Proposed reforms of rental sector

Yet more reforms of the Irish rental market are on the way. Recent announcements by the government aim to introduce a series of amendments to the Residential Tenancies Act being known as the Residential Tenancies (Amendment) Act 2018.

The act basically aims to increase the notice periods that landlords serve on tenants to vacate a property and also wants to introduce a publicly available rent register.

It also increases fines from €3,000 to €15,000 for those breaching the act.

Regarding the proposed rent register, it allows for the rent paid by the previous tenant of a property to be made available to a new tenant of that property. Suggestions since then have said the register may only show averages for an area out of concerns for data privacy but if the publicly available property price register can show an address and price for a property, we’re not sure why a rental price register can’t.

Notice periods are also set to increase, in some cases, substantially. Currently, a landlord serving notice on a tenant to vacate must provide 35 days notice if the tenancy is between 6 months and one year. This would increase to 90 days or approximately 3 months under the amendments.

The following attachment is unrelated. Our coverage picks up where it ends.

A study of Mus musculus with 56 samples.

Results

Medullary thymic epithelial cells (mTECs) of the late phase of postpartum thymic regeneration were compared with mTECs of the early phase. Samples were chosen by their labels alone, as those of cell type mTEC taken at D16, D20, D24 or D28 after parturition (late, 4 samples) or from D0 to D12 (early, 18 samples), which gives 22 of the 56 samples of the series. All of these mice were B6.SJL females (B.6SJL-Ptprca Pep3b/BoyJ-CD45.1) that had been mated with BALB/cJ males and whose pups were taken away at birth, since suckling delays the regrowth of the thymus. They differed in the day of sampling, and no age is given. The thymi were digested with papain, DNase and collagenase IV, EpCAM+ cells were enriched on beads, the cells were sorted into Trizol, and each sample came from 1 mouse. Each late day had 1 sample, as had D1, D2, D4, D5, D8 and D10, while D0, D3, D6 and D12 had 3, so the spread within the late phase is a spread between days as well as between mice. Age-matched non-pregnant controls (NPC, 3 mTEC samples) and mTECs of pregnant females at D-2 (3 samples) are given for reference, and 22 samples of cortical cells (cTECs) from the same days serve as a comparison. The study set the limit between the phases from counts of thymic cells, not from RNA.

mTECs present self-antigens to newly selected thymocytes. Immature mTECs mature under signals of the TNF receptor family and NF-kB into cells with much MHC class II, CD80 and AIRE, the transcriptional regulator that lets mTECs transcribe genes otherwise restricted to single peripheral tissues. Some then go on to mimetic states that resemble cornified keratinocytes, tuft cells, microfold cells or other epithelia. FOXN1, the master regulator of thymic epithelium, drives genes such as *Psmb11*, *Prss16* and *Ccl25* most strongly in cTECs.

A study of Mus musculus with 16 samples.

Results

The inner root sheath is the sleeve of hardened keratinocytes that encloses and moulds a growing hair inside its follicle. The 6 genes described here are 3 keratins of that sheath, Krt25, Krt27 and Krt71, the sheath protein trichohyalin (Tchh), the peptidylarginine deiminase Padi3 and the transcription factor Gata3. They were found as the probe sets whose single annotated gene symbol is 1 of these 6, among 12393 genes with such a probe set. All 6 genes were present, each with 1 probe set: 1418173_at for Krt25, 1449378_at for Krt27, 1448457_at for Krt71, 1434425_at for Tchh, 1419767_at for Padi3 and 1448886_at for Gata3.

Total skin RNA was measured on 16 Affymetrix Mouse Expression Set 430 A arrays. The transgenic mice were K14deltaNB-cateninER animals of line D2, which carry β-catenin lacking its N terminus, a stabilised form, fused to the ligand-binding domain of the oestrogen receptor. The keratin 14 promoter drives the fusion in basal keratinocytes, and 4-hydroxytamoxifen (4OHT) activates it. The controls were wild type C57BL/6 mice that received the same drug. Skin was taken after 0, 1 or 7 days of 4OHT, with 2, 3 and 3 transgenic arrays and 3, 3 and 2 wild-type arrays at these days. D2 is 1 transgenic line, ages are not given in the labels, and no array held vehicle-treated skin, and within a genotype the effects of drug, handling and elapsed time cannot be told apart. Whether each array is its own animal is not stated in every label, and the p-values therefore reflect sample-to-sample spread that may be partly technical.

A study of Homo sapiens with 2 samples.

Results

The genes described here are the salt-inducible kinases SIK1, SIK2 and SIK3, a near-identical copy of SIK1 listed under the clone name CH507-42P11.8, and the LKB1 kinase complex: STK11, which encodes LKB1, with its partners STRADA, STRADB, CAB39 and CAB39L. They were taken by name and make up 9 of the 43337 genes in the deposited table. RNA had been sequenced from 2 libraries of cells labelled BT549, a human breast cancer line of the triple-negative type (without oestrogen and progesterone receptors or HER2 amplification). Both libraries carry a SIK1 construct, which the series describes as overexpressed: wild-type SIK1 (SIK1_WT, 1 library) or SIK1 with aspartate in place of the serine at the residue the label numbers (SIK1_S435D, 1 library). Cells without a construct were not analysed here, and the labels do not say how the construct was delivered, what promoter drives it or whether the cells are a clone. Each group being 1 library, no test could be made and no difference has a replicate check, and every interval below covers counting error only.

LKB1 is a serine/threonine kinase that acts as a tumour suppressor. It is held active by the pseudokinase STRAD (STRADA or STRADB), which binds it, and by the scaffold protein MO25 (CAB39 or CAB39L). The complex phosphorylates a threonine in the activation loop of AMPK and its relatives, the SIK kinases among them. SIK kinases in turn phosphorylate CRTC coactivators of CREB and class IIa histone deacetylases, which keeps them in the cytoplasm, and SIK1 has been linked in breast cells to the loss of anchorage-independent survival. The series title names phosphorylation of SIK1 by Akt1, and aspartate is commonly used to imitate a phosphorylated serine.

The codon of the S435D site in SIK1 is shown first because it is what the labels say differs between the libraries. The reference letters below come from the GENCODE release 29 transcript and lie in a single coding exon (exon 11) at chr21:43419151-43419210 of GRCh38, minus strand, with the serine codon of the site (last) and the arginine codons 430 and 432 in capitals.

The exact notice periods proposed under the act are shown in the table below along with the current notice periods;

Termination by Landlord

It’s interesting to note that the proposed increased notice periods only apply to landlord’s serving notice on tenants and not visa versa.

Of course, maybe a more continental style of renting would do wonders for the Irish rental market, making multi-year leases the norm instead of the exception leading to some sort of certainty for landlord and tenant alike. There has also been talk of further reform of the rental sector such as limiting deposits to one month’s rent however current one month deposits are often insufficient to cover rent arrears and damages given that it takes a minimum of 42 days to serve the required notices and more by the time PRTB adjudication takes place.

But all this misses the core point which is that the chronic housing shortage of recent years has been left fester, leading to price inflation in both the residential and rental sectors. Until sufficient housing is available, the current situation will unfortunately continue.